National Concert Hall launches bumper programme for 2019-20

Joyce DiDonato, Damon Albarn, Philip Glass and Laurie Anderson in wide-ranging line-up

Joyce DiDonato: the Grammy-winning mezzo-soprano will appear at the NCH accompanied by the Il Pomo d’Oro period-instrument ensemble

Joyce DiDonato: the Grammy-winning mezzo-soprano will appear at the NCH accompanied by the Il Pomo d’Oro period-instrument ensemble

 

Artists from Joyce DiDonato to Damon Albarn and residencies by Philip Glass and Barry Douglas will feature over the next 12 months at the National Concert Hall.

The international concert series features 14 performances by leading artists, including the Chinese pianist Yuja Wang; the Staatskapelle Dresden, with its principal guest conductor, Myung-Whun Chung; the Hallé orchestra, with Sir Mark Elder; the Maltese-born tenor Joseph Calleja and the Irish soprano Claudia Boyle; Bach Collegium Japan; and DiDonato, the Grammy award-winning mezzo-soprano, accompanied by the Il Pomo d’Oro period-instrument ensemble.

Albarn, best known as a member of the British groups Gorillaz and Blur, appears in the Perspectives contemporary-music strand with a new audiovisual work inspired by Iceland’s landscape. The Perspectives line-up also includes Laurie Anderson and the techno artist Pantha du Prince.

The design for the redevelopment of the NCH is due to be finalised, and planning permission applied for, by this autumn, with work starting in 2021-22 

The Philip Glass residency will be in November; that of Barry Douglas and Camerata Ireland will mark the chamber orchestra’s 20th-anniversary year.

The annual Tradition Now festival, in October, features Sam Amidon, Niall Vallely, Karan Casey, Harriet Tubman, Lisa O’Neill, Ye Vagabonds and Brìghde Chaimbeul, with the NCH’s first Liam O’Flynn Award recipient, Úna Monaghan, in residency.

Other highlights include a new commission for Jennifer Walshe, part of a survey of women composers with Sounding the Feminists; the second iteration of the NCH’s female-conductor programme – “giving young Irish women the opportunity to be part of the further breaking of a still-significant glass ceiling in the music business”, according to Taylor – a chamber-music series, called Irish Art Song, and Hugh Tinney’s Beethoven series.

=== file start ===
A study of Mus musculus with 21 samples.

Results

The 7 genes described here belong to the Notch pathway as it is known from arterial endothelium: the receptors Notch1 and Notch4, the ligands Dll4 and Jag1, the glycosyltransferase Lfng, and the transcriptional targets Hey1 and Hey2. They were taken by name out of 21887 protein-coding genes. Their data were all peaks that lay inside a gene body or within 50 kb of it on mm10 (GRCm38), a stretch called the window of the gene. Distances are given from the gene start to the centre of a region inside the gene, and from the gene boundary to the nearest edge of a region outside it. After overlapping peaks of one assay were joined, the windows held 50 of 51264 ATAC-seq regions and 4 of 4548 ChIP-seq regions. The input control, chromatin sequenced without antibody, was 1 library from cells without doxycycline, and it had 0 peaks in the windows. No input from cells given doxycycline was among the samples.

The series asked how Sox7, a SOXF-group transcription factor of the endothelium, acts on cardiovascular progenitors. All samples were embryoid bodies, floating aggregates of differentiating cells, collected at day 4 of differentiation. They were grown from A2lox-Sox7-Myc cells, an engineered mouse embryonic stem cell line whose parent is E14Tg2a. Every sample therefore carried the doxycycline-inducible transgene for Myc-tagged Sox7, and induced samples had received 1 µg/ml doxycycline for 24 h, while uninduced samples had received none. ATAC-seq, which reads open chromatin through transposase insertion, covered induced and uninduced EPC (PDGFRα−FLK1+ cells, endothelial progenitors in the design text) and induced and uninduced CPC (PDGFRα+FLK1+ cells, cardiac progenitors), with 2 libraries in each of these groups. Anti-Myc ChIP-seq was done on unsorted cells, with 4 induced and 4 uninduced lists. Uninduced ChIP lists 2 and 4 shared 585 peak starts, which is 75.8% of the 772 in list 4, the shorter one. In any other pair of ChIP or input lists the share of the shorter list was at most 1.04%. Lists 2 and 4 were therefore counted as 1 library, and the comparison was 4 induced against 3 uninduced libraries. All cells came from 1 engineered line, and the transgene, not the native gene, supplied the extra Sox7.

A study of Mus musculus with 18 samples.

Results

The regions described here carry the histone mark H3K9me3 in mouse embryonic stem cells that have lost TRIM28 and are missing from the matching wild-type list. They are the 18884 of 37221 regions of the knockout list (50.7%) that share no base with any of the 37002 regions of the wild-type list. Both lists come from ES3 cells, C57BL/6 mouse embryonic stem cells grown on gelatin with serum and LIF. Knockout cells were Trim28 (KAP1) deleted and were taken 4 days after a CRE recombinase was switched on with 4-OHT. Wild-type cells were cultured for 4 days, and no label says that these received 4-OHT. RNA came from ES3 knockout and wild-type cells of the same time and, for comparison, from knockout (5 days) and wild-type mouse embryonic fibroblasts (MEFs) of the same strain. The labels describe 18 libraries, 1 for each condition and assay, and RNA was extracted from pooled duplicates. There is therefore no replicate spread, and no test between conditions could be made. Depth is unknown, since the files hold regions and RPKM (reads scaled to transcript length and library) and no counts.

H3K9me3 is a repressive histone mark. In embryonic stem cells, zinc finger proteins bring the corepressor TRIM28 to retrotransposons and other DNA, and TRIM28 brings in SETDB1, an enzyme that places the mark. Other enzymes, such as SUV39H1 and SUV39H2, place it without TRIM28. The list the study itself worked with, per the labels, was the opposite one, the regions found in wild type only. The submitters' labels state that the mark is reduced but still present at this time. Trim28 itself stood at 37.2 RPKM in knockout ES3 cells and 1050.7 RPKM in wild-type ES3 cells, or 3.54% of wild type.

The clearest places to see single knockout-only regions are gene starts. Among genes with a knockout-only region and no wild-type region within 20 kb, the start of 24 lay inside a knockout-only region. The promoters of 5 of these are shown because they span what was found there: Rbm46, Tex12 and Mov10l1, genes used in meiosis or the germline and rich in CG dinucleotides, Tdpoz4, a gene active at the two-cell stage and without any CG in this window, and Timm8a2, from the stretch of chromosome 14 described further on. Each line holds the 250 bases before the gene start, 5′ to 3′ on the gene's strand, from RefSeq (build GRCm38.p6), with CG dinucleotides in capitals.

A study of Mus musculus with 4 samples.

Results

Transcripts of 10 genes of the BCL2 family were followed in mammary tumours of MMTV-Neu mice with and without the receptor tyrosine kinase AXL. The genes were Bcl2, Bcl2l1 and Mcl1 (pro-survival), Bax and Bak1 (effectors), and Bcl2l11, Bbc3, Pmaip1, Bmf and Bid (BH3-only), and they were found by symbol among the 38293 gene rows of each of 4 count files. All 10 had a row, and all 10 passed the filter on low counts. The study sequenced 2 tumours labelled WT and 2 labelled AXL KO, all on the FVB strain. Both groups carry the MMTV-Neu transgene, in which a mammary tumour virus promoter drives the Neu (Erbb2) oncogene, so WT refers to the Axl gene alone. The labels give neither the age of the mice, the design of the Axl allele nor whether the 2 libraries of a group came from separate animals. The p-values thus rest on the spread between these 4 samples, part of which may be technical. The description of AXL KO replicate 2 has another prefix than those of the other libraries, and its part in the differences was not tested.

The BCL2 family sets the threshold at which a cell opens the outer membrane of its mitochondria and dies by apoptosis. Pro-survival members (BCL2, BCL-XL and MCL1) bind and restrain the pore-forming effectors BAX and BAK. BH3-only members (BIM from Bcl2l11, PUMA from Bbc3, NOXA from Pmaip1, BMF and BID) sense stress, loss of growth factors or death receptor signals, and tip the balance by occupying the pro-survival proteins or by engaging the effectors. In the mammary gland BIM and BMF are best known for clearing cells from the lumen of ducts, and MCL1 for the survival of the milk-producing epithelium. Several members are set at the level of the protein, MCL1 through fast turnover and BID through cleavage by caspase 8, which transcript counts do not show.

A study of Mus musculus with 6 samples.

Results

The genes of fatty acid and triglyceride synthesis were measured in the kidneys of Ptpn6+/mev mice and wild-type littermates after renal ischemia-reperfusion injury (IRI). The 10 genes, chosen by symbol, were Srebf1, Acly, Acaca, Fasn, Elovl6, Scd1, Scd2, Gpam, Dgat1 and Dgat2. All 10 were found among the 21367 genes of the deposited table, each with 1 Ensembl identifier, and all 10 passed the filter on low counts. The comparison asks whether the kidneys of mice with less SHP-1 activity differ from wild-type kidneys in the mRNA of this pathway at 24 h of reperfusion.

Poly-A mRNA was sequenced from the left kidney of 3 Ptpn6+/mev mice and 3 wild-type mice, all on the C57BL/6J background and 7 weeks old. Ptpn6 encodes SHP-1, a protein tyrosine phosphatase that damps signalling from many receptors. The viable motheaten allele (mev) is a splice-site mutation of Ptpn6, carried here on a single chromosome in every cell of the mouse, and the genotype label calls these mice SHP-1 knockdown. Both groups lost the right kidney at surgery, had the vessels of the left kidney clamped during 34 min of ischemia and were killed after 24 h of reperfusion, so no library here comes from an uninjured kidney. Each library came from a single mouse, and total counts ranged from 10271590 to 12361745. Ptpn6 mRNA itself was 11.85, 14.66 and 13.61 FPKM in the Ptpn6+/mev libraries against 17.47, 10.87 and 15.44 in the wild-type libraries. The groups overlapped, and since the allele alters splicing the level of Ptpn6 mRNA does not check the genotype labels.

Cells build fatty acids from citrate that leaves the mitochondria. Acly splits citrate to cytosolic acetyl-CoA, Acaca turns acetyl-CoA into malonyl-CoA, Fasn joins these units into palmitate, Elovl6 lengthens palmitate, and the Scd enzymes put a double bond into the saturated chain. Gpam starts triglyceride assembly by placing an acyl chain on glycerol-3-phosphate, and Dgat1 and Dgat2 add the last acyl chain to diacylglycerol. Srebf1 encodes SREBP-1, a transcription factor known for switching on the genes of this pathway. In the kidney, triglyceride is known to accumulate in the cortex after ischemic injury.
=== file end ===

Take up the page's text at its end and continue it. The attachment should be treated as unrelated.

The Dublin venue launched its full programme in one go for the first time, rather than dividing it into separately announced strands, a change that its chief executive, Simon Taylor, hopes will “showcase the breadth and scope of what the National Concert Hall does and its direction of travel in a more holistic way”.

The launch came in the run-up to the redevelopment of the NCH’s building, on Earlsfort Terrace, just off St Stephen’s Green. The design is due to be finalised, and planning permission applied for, by this autumn, with work starting in 2021-22. The NCH’s chairwoman, Maura McGrath, said the venue’s programme would continue during the redevelopment and was an opportunity to be creative outside the confines of the hall.

Simon Taylor also expects the National Symphony Orchestra, currently part of RTÉ, to transfer to the NCH in 2020; an oversight committee is discussing the requirements for a successful move. He said the orchestra’s place in a “wider remit for the NCH will accelerate this process of programme development and allow both parts of the new combined organisation to expand their artistic, creative and educational horizons to the benefit of our shared audiences both here at the NCH and nationally”.